HOUSTON – Restoration of a failed computer system returned life to a regular rhythm on the international space station Sunday, as two astronauts completed the fourth spacewalk since space shuttle Atlantis docked with the outpost a week ago.
"We're slowly moving back into a normal mode of operations," station commander Fyodor Yurchikhin radioed Mission Control in Moscow.
The "normal mode" included the last spacewalk of the mission, a previously unscheduled fourth trip outside the space station that finished up tasks originally scheduled for last Friday's third spacewalk. Astronauts on the third spacewalk had the unplanned job of repairing a thermal blanket, which had peeled back near Atlantis' tail during the June 8 launch.
The nearly 6 1/2-hour spacewalk ended with astronauts Patrick Forrester and Steven Swanson completing nearly all of their tasks.
They activated a rotating joint — their top priority — on the outpost's newest segment so a new pair of solar wings can track the sun and provide power to the station. The solar arrays were delivered to the space station by Atlantis.
The astronauts also set up a new camera stanchion outside the station's newest segment and a computer network cable between the United States and Russian sides of the space station. They were not able to bolt down a problematic debris shield and instead secured it in place with tethers.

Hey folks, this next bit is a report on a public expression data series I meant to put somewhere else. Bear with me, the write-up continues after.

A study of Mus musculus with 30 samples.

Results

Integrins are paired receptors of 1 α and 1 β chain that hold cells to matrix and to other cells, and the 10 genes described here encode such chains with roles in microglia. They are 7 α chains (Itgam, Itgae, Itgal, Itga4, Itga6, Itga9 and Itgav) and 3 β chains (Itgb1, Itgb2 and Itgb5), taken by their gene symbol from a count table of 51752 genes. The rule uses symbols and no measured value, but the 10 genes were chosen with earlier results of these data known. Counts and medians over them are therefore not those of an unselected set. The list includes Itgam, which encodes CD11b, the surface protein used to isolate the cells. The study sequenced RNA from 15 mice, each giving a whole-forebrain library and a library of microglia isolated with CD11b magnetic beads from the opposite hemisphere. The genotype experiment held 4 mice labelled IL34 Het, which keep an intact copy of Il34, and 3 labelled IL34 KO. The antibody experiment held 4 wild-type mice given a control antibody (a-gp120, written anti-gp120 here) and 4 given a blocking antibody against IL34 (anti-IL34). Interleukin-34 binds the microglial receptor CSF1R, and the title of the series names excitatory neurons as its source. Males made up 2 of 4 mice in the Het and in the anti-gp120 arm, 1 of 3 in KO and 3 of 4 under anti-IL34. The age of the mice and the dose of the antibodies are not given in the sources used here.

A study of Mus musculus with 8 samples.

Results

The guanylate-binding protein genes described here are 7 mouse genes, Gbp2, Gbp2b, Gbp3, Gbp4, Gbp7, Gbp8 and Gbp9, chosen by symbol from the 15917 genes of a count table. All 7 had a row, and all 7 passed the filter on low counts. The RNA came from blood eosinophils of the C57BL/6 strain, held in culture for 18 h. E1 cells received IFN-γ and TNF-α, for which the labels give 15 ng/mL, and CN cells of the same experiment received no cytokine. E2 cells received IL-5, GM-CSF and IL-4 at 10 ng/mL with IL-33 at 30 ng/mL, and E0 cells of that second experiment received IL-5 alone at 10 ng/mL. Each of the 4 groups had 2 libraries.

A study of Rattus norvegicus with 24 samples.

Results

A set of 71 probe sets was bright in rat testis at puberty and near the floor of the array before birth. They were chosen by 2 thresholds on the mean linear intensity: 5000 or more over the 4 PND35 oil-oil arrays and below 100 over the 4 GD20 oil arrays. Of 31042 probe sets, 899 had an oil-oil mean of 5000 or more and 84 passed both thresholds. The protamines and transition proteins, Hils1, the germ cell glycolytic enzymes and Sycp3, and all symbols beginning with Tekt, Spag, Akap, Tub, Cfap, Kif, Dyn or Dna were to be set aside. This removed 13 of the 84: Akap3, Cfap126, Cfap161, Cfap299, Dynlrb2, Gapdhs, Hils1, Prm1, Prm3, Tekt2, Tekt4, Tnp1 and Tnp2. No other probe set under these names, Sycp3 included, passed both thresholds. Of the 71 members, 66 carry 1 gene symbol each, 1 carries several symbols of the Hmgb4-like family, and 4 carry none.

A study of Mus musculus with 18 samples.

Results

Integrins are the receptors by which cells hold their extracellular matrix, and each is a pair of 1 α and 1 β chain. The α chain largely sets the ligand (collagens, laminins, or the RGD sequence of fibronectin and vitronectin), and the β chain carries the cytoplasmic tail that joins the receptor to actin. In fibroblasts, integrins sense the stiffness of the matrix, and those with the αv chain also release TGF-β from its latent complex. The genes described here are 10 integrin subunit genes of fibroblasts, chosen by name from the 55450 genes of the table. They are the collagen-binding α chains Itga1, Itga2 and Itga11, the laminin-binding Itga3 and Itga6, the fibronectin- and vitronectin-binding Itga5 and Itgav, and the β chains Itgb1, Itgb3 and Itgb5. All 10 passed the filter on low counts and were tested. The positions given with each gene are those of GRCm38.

At the end of the day, flight controllers on the ground planned to give the rotating joint a small test by moving it 5 degrees. A more thorough test to see whether the solar arrays track the sun was in store on Monday.
Flight controllers on Monday planned to test the space station's thrusters, which haven't been used since the crash last week of the Russian computers, which control orientation and oxygen production.
Yurchikhin and Russian cosmonaut Oleg Kotov got four of the six computer processors operating again on Friday. The remaining two were brought back online on Saturday but then flipped back off to be "in cold standby mode" so that they could be used if needed.
"We can report that things are still improving," said flight director Holly Ridings.
With the exception of an oxygen generator, all of the space station systems that were powered down when the computers failed were back running.
Mission managers will decide after the station's thrusters are put to the test whether Atlantis needs to spend another day at the outpost. During the computer meltdown, Atlantis' thrusters were used to help the station maintain its orientation.
Atlantis is set to undock on Tuesday and land Thursday in Cape Canaveral, Fla.
"We're going to give it a checkout," Ridings said. "We'll make sure the computers are still talking to the thrusters and prove to ourselves that we've got everything we need in order to undock safely."
While the seven-member crew of Atlantis and the three-man crew of the space station spent Father's Day 220 miles above Earth, the holiday didn't slip the minds of the nine fathers at the outpost who collectively have 24 children.
"Happy Father's Day to everybody downstairs," said U.S. astronaut Clay Anderson.